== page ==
Six Weeks to Shutdown?

August 21, 2015

With no federal budget in place, and tough rhetoric from the White House, Congress could be facing another shutdown this fall.  

The administration is threatening to veto any legislation that exceeds federal budget caps. On Capitol Hill, lawmakers are at odds over the appropriate levels of domestic and defense spending.  

When Congress returns from the August recess on Sep. 8, lawmakers will have only 10 legislative working days to avoid a shutdown. What options do lawmakers have?  

Pass a budget within constraints imposed by the Budget Control Act

The Budget Control Act, (BCA), a compromise deal reached by lawmakers, imposes strict, arbitrary budget caps on federal spending. Any budget that exceeds the caps triggers sequestration, a meat axe series of budget cuts.   

Sequestration is particularly damaging to the defense department. If triggered, DoD will have to find $20 billion to cut from its annual budget next year. Defense leaders have said that sequestration is one of the biggest threats to national security.  

Pass a Continuing Resolution

A Continuing Resolution (CR) can keep the government operating at last year's funding levels while lawmakers continue to work on a compromise. CRs are commonly used to ensure uninterrupted operation of government functions, and can last anywhere from a few hours to an entire fiscal year.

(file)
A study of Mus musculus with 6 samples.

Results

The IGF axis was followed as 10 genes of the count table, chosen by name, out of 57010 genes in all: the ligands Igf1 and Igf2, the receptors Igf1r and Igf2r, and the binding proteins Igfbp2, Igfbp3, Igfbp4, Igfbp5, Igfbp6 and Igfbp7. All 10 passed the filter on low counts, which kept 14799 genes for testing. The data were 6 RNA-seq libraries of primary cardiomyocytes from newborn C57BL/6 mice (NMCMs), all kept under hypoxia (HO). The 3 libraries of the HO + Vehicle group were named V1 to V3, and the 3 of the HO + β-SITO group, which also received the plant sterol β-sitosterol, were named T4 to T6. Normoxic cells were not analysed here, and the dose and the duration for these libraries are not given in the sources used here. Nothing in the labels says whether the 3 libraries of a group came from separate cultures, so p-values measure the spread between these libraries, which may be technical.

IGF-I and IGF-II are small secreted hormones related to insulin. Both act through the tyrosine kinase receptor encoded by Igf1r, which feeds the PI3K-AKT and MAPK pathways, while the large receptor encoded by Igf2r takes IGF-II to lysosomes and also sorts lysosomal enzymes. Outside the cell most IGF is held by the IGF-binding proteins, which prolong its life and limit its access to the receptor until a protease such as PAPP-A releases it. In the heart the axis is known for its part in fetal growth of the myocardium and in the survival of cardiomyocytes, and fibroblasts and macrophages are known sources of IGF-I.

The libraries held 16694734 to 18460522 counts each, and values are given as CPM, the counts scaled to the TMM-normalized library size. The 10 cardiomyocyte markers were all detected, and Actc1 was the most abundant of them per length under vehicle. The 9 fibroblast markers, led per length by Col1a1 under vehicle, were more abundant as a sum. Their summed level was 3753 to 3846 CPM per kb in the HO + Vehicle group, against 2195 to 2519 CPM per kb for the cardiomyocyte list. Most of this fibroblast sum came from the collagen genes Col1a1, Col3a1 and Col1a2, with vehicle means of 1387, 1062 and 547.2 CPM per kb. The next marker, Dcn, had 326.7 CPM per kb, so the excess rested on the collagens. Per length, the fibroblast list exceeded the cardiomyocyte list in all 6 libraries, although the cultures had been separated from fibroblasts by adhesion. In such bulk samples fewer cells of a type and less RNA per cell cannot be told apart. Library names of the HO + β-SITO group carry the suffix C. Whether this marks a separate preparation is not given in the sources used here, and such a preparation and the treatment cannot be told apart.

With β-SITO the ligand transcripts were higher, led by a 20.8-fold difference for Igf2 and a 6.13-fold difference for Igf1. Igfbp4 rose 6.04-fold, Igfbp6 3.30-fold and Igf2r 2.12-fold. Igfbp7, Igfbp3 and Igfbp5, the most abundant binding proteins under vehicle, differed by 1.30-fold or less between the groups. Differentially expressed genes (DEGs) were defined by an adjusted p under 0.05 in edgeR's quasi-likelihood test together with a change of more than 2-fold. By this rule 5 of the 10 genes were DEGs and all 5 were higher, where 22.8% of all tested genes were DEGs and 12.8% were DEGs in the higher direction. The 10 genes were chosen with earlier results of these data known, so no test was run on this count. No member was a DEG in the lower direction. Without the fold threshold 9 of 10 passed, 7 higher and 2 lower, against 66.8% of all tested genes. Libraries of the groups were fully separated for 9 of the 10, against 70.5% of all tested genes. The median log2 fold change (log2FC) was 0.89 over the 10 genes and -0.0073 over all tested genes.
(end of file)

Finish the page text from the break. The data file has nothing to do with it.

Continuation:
While helpful, a CR limits federal agencies from developing long-term budget plans and strategy. Ironically, CRs often result in cost overruns and government delays, the very things lawmakers try to avoid by passing them.  

Craft another Murray-Ryan deal

Some lawmakers have expressed a desire for another Murray-Ryan budget deal. The deal, named after Rep. Paul Ryan (R-Wis.) and Sen. Patty Murray (D-Wash.), resulted in the Bipartisan Budget Act. That legislation raised the budget caps for 2014 and 2015 in return for extending sequestration to 2023.   

That temporary fix is set to expire on Sep 30.   

While defense planners were thankful for the deal at the time, it simply kicked the can and contained a devastating provision to reduce military retirement. Due to aggressive advocacy by MOAA and its partners, Congress repealed the cuts to military retirement in 2014.  

"At this point, the prospect of securing a FY16 budget prior to Oct. 1 looks very dim," said MOAA's Deputy Director of Government Relations, Col. Phil Odom, USAF (Ret). "But it's imperative that Congress engage in reasonable, bipartisan dialogue when they return in September."